Posted on 19 June 2020

Two high-profile European-Commission-funded projects will bring four early career researchers to the Department of Chemistry, with York research groups collaborating with a wide range of institutions and industrial partners across Europe.

Dr John Slattery and Dr Jason Lynam attended the CCIMC Kick-Off meeting with other beneficiaries and industrial partners at the Frederich Schiller University of Jena, earlier this year.

The 4M-Euro project CCIMC (Coordination Chemistry Inspires Molecular Catalysis), coordinated by the Laboratoire de Chimie de Coordination (LCC) in Toulouse, is one of the two projects. It aims to push back the frontiers of knowledge in ligand design, coordination chemistry, precatalyst development, catalyst recovery and catalytic process implementation. It will see 15 PhD students engaged in a coordinated research and training programme across Europe, three of whom will spend half their degrees in the Department of Chemistry with Dr Jason Lynam, Dr John Slattery and Professor Simon Duckett.

CCIMC addresses the current lack of coordinated doctoral training at the European level on molecular catalysis and aims to enhance European competitiveness in numerous industrial processes. York is one of its nine academic beneficiaries from seven European countries, which will work on coordinated research projects, along with eight partners from the industrial sector.

CCIMC runs for four years, from March 2020 until February 2024. The network has recently completed the recruitment phase and aims to start the research/training programme in October 2020.

Dr Kirsty Penkman and Prof Jane Thomas-Oates represent the University of York in the PUSHH consortium, pictured here at the startup meeting in Copenhagen. Credit: Mikal Schlosser.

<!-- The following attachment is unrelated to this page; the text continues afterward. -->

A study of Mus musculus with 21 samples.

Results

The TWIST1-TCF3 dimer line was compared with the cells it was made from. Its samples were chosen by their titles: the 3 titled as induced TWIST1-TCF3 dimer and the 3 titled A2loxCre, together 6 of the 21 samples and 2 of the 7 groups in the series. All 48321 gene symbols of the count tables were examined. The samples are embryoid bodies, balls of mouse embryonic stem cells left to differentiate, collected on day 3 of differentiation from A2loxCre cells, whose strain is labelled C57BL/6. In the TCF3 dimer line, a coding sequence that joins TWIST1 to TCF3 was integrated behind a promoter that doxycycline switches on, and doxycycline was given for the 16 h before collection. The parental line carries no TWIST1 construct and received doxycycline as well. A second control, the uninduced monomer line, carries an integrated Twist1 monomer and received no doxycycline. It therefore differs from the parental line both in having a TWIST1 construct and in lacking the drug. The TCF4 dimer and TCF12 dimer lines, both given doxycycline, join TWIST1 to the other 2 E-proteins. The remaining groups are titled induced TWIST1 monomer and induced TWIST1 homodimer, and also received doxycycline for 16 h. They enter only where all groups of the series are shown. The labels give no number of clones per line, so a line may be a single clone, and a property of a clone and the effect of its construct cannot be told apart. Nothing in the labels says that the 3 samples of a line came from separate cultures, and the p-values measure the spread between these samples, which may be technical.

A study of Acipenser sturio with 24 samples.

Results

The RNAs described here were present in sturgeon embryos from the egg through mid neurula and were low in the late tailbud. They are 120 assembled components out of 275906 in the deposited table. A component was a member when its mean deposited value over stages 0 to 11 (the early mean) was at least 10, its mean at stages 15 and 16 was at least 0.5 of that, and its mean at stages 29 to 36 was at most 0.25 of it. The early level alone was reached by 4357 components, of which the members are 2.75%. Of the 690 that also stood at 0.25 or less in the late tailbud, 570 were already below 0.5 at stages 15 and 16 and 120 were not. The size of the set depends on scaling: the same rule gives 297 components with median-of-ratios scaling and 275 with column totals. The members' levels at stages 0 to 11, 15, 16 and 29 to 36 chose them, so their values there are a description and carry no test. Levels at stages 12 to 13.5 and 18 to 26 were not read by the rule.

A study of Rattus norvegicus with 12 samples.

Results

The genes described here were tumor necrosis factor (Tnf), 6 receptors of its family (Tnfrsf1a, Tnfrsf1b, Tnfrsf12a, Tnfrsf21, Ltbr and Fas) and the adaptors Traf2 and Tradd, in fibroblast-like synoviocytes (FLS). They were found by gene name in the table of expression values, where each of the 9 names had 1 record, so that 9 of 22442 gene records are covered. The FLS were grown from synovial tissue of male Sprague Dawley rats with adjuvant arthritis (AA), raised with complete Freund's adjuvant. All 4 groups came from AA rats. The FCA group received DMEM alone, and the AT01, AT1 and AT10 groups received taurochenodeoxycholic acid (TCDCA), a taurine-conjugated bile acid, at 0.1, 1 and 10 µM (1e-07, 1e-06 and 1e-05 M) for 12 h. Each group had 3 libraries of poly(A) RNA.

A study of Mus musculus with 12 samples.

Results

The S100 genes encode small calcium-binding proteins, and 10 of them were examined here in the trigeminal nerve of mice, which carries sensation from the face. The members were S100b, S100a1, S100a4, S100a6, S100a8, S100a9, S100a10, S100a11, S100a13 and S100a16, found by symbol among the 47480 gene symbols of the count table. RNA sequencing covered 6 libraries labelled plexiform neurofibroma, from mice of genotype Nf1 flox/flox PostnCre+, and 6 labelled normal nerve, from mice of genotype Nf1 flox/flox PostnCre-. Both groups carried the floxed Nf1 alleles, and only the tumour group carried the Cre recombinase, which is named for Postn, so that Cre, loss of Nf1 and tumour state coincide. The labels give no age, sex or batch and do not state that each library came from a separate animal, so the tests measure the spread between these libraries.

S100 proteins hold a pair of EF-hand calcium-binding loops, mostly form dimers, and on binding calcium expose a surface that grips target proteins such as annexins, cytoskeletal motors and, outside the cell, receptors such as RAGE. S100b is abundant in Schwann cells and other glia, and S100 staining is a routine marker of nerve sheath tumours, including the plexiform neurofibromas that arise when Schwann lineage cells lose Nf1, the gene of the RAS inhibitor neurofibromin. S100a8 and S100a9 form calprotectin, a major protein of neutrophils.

York is also a beneficiary of the PUSHH (Palaeoproteomics to Unleash Studies on Human History) Consortium, which has been set up to provide state-of-the-art doctoral training for 14 early-stage researchers, pursuing palaeoproteomics to advance knowledge about the biological and cultural evolution of humans. Currently, very few specialists have been trained to analyse ancient proteins, in contrast to the study of aDNA, which is an issue that PUSHH seeks to address.

A PUSHH early-stage researcher is currently under recruitment to work with Dr Kirsty Penkman and Professor Jane Thomas-Oates at York from October, in the area of Amino Acid Racemisation-Based Chronology. In addition, Professor Jane Thomas-Oates is to be co-supervisor to a second student based at the University of Bordeaux.

The Department of Chemistry at York is one of 18 leading high-profile research units, institutions and enterprises, across Europe and worldwide, in the multidisciplinary PUSHH consortium.

Both CCIMC and PUSHH are Marie Curie network projects of the Horizon 2020 programme.